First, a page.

The debate over the costs and practicality of supporting solar industries has arisen (again) recently. Federal and state governments face budget deficits, calling into question several incentive programs that aim to reduce the costs of going solar. While some states have pledged to continue funding rebate programs, others, like Pennsylvania, have indicated they will allow such incentives to expire. Then there’s the rapid decline of Solyndra, which received a $528 million federal government loan months before filing for bankruptcy.
These developments come just prior to the recent release of the second annual Solar Jobs Census Report by The Solar Foundation, which found that the industry grew 6.8% last year, totaling just over 100,000 jobs. Critics are quick to make the case that solar cannot compete in a global economy, and government support of the US solar industry is pushing against the tide at the expense of taxpayers.
However, as the report outlines, only about 25% of the industry consists of labor-intensive manufacturing jobs on the front end of the supply chain. While this may be bad news for some (but not by any means all) module manufacturers in the US, there are plenty of solar jobs available right here at home. Aside from installation jobs, which make up roughly 50% of the workforce and obviously can’t be outsourced, the remaining 25% of solar jobs are in research, design, sales, and other financial services.
In reality, government incentive programs only indirectly subsidize most of these jobs. By making solar installations a little more affordable with rebates, SRECs, FITs, or grant programs, governments are providing opportunities for private investments in the labor- and non-labor intensive parts of the industry. Just look at the recent $75 million partnership struck between Rabobank and Sungevity, the latter of which provides financial and installation services to solar system owners. Or Google’s $75 million investment in Clean Power Finance, a company that facilitates the movement of capital between lenders, manufacturers, distributors, and system owners. Or read about recent loans awarded to solar tech design startup companies from Ben Franklin Technology Partners, an economic development firm. Without the opportunities created by government incentive programs that drive demand for solar, these investments (and the jobs they bring with them) might not have happened.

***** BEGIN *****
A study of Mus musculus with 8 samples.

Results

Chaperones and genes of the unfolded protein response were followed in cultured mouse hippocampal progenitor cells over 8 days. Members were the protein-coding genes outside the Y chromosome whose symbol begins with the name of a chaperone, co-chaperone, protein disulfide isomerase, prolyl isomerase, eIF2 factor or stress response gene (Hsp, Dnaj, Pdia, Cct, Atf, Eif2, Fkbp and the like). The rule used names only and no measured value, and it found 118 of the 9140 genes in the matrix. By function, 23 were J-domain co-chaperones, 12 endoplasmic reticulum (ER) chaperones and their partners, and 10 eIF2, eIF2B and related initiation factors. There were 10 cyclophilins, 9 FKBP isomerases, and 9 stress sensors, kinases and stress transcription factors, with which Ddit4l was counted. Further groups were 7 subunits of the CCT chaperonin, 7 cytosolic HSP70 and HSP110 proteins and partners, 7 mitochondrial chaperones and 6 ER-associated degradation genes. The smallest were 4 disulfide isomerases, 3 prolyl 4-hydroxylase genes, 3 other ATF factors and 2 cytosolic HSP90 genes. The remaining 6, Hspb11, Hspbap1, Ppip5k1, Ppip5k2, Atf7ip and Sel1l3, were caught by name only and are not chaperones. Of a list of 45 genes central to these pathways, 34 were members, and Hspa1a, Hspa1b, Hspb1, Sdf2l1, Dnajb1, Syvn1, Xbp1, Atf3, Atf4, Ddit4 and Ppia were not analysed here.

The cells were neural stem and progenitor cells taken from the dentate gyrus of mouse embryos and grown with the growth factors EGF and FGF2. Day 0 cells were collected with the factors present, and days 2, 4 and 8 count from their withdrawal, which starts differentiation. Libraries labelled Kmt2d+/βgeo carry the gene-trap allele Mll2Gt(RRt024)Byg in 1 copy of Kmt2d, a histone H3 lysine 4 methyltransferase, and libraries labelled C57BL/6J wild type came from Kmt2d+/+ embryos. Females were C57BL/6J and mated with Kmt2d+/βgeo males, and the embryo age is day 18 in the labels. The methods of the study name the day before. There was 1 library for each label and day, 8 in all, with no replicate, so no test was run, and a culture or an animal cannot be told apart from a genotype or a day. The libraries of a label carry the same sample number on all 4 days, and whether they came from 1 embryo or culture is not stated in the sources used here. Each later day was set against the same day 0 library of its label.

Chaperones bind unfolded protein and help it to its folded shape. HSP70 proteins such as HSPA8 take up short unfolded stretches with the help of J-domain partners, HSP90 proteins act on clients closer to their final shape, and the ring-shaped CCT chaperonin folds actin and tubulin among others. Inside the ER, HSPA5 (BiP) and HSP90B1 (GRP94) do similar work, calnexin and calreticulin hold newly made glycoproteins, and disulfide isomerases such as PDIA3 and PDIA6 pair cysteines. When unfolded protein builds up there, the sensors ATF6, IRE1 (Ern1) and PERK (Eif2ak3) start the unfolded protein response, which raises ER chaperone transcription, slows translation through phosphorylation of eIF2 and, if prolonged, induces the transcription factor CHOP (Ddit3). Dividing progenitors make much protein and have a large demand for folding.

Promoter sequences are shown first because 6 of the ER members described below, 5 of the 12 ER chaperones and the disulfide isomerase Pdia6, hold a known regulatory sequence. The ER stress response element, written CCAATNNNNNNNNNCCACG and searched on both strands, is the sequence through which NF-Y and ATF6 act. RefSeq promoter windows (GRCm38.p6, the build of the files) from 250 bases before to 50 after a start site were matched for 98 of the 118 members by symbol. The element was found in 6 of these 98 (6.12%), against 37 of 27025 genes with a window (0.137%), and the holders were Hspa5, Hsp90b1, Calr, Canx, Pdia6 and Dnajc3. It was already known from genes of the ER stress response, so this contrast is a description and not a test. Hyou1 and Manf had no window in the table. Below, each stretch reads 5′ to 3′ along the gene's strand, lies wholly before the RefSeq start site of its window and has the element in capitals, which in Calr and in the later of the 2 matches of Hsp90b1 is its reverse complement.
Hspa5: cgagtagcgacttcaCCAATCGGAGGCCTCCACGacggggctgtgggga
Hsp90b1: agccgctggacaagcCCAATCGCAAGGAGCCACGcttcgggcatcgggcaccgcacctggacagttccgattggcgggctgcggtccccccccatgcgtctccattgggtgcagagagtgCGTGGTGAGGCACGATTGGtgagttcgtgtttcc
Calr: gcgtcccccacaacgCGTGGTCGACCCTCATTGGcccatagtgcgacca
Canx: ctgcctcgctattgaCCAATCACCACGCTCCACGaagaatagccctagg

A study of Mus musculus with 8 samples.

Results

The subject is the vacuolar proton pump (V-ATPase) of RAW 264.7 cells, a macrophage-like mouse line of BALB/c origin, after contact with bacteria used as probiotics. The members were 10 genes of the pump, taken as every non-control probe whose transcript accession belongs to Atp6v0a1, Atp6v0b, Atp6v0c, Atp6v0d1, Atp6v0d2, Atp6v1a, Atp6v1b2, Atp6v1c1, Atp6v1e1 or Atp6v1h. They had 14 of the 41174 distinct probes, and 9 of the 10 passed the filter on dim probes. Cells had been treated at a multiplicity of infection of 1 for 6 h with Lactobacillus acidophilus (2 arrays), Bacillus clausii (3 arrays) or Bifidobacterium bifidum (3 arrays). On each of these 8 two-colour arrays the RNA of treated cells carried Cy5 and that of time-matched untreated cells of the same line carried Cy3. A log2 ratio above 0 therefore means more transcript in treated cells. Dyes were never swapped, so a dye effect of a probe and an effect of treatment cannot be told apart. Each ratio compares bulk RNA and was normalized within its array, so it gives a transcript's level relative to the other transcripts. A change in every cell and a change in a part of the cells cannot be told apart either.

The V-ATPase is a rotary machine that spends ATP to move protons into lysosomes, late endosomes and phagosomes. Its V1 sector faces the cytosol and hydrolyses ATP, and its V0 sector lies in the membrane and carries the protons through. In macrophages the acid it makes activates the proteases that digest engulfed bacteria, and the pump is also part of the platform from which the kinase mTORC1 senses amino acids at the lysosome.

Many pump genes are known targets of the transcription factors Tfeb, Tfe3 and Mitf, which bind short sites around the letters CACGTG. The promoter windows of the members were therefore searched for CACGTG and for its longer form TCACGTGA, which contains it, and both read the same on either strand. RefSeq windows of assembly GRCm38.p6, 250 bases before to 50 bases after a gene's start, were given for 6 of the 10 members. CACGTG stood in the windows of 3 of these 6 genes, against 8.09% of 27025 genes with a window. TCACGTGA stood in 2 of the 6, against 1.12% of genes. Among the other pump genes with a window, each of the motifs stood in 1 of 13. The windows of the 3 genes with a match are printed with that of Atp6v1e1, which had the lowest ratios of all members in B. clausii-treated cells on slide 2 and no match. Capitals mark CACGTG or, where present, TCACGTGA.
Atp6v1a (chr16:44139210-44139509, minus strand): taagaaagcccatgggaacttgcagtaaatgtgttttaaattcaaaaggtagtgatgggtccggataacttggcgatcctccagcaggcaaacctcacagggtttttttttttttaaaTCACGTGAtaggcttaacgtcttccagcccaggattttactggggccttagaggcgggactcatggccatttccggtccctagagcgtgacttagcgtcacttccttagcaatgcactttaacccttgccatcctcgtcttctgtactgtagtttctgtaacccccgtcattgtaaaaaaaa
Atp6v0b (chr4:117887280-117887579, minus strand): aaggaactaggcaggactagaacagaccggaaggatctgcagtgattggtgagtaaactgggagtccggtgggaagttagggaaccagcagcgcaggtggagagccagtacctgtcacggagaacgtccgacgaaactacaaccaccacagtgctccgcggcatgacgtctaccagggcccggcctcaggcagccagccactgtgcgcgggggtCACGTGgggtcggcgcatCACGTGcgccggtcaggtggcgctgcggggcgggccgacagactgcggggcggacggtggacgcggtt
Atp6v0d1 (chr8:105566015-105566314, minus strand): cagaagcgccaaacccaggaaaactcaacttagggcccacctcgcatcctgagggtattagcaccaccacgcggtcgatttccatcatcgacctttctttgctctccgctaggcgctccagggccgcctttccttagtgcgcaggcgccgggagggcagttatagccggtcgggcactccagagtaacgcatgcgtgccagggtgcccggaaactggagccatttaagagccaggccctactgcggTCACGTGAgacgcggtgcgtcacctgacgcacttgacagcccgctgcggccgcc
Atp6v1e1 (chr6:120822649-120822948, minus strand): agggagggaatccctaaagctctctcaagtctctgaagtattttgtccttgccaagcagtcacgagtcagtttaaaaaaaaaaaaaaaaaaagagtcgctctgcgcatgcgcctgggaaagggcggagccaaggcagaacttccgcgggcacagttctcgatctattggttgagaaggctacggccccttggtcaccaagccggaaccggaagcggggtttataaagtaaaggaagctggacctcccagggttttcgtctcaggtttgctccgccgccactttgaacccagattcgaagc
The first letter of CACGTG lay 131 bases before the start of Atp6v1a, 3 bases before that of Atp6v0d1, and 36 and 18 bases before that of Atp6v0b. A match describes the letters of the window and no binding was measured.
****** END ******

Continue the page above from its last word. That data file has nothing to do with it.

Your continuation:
Communities make an investment one way or another in their energy sector, which supports the jobs required to keep pumping electricity into the grid. As long as our energy sectors run on fossil fuels, ratepayers will continue to support dirty jobs that require continuous labor-intensive (and environmentally damaging) processes. Once solar is installed, there are few jobs required to continuously generate electricity, making it more efficient in the long term. So the question related to energy sector jobs is: do we want to shift to an energy sector that will be more efficient in terms of work-hours per unit of electricity? If the answer is yes, governments should continue incentive programs that to date have encouraged investments that create a diversity of solar industry jobs.